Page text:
Rupert Pupkin Speaks: Film Discoveries of 2015 - Jackson Stewart ""

Wednesday, February 10, 2016

Film Discoveries of 2015 - Jackson Stewart

Jackson Stewart is a writer/director living in Los Angeles. He created the web series 'The Cartridge Family' and wrote for the CW show Supernatural. He also did a short entitled 'Sex Boss' and recently finished a film called BEYOND THE GATES. BEYOND THE GATES was co-written by RPS friend and contributor Stephen Scarlata and the IMDB plot description has me wanting to see it:
"Two estranged brothers reunite at their missing father's video store to liquidate the property and sell off his assets. As they dig through the store, they find a VCR board game dubbed 'Beyond The Gates' that holds a connection to their father's disappearance and deadly consequences for anyone who plays it."

Jackson is on twitter @bossjacko.
Here's his discoveries list from last year:
http://www.rupertpupkinspeaks.com/2014/12/favorite-film-discoveries-of-2014_26.html
original) and I believe this is the second 1970s era Dracula movie after DRACULA AD 1972. Lee only appears in three or four scenes as Dracula (clearly growing tired of the role), though none of that comes through in his work. Van Helsing and Dracula share one final showdown in a murky nighttime scene, filled with Lee's real blood as he fights his way through a thornbush and it's really quite fabulous.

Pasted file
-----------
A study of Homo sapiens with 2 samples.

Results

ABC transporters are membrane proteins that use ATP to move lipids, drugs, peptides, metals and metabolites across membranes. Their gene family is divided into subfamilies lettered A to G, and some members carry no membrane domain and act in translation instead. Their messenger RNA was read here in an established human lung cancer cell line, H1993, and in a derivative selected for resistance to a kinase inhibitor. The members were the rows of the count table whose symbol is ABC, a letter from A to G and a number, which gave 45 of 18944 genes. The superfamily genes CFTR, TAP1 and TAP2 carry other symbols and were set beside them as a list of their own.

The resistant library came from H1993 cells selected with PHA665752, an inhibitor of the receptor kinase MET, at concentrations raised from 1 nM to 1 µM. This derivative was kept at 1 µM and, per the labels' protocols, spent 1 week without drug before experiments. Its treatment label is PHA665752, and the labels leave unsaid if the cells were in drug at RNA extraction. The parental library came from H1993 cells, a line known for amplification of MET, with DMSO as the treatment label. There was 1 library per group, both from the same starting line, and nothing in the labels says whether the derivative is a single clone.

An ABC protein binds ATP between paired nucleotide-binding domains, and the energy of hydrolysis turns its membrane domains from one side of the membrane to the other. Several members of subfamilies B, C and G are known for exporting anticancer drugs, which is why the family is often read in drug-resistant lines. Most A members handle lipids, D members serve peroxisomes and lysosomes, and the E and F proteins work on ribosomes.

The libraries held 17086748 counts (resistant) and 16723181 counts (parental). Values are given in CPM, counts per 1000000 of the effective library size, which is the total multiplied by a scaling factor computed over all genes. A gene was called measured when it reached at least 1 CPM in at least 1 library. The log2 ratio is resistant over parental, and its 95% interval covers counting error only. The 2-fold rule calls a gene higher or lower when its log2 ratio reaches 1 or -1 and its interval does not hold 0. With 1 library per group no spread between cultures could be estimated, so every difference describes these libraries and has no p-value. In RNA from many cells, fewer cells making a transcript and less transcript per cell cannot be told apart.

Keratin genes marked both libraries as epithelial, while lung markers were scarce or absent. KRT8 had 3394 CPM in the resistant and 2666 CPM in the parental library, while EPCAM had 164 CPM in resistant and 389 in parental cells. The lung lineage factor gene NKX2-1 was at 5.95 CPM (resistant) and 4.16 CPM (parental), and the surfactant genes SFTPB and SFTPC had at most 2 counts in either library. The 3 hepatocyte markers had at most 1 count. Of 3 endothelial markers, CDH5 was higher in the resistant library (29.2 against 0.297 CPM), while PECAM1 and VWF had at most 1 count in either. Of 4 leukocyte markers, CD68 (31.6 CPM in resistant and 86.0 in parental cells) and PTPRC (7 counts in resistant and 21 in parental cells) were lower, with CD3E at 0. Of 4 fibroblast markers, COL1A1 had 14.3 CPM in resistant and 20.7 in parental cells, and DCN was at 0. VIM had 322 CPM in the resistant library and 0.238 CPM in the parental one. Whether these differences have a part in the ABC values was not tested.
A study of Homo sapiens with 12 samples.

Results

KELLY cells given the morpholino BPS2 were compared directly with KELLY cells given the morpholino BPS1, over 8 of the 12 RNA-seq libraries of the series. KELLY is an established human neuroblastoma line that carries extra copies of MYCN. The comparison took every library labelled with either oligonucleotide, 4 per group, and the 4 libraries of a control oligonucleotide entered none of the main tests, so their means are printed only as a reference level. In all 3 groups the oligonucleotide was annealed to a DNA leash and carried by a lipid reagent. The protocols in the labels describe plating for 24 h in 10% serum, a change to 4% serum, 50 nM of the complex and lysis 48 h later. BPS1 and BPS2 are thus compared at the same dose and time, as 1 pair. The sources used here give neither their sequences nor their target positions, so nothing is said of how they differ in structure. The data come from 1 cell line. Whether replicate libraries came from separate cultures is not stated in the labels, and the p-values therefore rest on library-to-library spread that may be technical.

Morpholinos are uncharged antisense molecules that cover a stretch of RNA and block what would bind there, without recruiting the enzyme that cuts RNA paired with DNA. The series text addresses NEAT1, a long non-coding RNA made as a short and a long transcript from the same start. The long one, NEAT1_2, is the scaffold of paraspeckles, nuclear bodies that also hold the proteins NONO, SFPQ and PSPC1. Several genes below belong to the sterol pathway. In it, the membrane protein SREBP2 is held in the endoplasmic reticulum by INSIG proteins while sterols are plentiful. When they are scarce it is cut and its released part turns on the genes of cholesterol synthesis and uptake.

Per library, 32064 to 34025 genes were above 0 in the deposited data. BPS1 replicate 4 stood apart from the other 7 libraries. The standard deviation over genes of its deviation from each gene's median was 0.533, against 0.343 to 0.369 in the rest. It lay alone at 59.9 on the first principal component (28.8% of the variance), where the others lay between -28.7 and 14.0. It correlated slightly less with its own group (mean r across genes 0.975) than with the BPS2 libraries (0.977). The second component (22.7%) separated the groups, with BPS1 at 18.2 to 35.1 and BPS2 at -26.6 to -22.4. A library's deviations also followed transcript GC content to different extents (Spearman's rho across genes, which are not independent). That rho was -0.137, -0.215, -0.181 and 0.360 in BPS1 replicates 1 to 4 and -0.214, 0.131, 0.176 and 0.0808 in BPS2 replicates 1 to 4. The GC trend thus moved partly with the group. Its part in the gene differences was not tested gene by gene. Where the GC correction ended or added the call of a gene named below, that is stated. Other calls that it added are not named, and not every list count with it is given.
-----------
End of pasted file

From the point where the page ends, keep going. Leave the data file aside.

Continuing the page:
around a Marvel comic book artist played by the master Eric Roberts who becomes obsessed with a girl seemingly kidnapped by an ambulance in the middle of the city. The whole thing turns into a bit of a shaggy dog story but it's got some amazing stunt work from my hero Spiro Razatos and Cohen's writing is airtight as usual. This movie deserves a huge cult following.
Each segment has its own strengths, though the opener 'Terror In Topanga' really ratchets up the tension. Interestingly, Joseph Sargent directed all four segments, which might explain why it doesn't suffer from the usual unevenness most anthologies do.